I have been wondering why tone languages are related to absolute pitch (AP). In Taiwan, three tone languages are used. In all cases, we discriminate the tones of individual words according to the relationship between their pitches and the global pitch contour of a sentence. Cues of absolute pitches are of no use, as they vary a lot across the speakers and their emotional states. If I am asked to speak a Chinese sentence in different moods (e.g. happy and sad), the pitch of the same word can vary a lot, whereas the relationship between their pitches and the pitch contour of the sentence are approximately invariant.
It is important to note that even the relationship between their pitches and the pitch contour are just loosely preserved. A low frequency resolution and a high temporal resolution are needed for cognize Chinese utterances, which contain a lot of fast glissandos. People who do not understand Chinese may process Chinese utterances with the right temporal lobe, which is thought to subserve musical melody cognition with a high frequency resolution and a low temporal (Zatorre et al. 2002). Indeed, Klein et al. (2001) reported the hemispheric differences between activations for the Chinese and English subjects when listening to the same Chinese words. Compared with Chinese subjects, English subjects tended to use the right superior temporal gyrus to process this tone language. They do not understand that a low frequency resolution is enough and may appreciate Chinese utterances as music.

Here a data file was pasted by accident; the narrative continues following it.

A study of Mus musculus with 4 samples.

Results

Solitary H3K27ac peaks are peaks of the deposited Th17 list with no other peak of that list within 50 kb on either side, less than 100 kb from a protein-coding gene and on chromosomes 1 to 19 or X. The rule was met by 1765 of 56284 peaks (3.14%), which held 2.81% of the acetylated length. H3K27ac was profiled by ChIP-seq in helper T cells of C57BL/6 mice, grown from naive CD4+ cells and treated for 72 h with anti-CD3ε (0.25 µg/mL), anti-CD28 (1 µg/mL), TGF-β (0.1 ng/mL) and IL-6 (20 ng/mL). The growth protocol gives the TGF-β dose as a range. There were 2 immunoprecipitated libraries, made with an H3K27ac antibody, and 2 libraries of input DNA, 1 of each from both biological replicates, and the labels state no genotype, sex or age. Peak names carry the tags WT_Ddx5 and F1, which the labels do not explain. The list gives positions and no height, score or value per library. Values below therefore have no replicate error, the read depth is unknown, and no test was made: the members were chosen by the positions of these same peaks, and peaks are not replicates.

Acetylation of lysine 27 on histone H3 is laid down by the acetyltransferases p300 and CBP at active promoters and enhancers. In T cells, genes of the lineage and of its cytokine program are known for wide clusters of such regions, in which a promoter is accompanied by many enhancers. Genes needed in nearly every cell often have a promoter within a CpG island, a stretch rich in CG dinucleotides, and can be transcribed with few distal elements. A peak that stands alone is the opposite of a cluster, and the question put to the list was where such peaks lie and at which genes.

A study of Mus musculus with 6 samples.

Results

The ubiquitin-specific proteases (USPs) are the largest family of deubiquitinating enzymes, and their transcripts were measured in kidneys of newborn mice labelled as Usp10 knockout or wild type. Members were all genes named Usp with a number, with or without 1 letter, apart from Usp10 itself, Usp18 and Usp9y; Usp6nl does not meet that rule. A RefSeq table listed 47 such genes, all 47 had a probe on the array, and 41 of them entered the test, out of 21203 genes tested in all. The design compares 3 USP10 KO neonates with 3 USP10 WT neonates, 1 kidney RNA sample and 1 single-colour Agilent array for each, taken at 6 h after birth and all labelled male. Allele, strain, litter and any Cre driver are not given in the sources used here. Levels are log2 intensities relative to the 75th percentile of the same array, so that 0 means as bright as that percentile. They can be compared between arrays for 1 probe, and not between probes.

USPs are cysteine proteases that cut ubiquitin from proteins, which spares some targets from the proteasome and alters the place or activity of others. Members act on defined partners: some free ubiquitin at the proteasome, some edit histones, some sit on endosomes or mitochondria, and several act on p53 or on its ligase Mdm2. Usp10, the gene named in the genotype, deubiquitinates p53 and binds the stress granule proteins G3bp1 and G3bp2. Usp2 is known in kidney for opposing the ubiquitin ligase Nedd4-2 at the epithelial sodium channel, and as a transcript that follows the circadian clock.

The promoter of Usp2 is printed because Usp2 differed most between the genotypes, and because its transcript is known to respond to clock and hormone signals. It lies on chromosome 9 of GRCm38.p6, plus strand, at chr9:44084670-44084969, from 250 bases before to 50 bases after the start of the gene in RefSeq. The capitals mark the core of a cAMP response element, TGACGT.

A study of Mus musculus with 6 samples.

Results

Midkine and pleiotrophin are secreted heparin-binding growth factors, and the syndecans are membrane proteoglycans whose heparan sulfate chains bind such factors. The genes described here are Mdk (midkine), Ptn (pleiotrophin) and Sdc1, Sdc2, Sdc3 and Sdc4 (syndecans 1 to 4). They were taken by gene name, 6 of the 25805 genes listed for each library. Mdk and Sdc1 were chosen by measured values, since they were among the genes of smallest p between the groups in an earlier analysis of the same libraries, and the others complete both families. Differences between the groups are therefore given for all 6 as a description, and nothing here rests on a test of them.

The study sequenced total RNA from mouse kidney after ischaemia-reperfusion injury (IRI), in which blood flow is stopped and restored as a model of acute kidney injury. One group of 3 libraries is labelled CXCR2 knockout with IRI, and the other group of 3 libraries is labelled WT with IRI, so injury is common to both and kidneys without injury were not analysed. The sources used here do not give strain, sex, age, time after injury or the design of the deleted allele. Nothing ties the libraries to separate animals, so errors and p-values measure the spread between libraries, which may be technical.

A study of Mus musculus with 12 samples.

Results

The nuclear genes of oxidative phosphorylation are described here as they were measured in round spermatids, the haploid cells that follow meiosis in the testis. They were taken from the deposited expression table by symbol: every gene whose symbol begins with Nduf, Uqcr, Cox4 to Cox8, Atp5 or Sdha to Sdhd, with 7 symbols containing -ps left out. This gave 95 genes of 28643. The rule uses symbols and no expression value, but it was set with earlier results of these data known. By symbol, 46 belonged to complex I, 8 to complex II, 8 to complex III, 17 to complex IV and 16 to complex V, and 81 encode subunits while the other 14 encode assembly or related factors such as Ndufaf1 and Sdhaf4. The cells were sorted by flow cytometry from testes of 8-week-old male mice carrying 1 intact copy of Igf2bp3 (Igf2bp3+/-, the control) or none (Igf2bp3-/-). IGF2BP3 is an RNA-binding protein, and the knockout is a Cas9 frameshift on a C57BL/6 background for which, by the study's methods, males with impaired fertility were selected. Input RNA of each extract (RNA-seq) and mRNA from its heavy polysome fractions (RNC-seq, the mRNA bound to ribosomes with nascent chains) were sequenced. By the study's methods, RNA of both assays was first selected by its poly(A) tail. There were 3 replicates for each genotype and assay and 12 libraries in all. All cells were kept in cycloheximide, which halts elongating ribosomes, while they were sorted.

It is my feeling that some Western scientists misunderstand tone languages in Asia so that they relate them to absolute pitch - just like that some Asian music educators misunderstood Western tonal music so that they train their students AP. That is why most of Asian musicians possess AP (I do not exclude genetic influences), who tend to disembed individual tones in a chord instead of perceiving them holistically, although some of them possess both AP and RP (relative pitch). In fact, students without AP could be rejected by music colleges in Taiwan. The entrance examination of some music colleges includes 'crazy' listening tests such as four-part atonal music.
The situation has been improved in the last decade, as there are more and more music professors in Taiwan realizing the importance of the ability of 'real' RP. However, it appears not easy to 'undo' AP and sharpen RP for college students who have relied on AP in harmony cognition for more than ten years. I think AP training may lead to certain 'pruning' of the left planum temporale in a critical period.
A music professor in Taipei told me, he has AP and RP and his wife has only AP. "Fortunately, our sons have both AP and RP," he smiled.
Klein, D., Zatorre, R.J., Milner, B. & Zhao, V. (2001) A cross-linguistic PET study of tone perception in Mandarin Chinese and English speakers. NeuroImage, 13, 646-653.
Zatorre, R.J., Belin, P. & Penhune, V.B. (2002) Structure and function of auditory cortex: music and speech. Trends in Cognitive Sciences, 6, 37-46.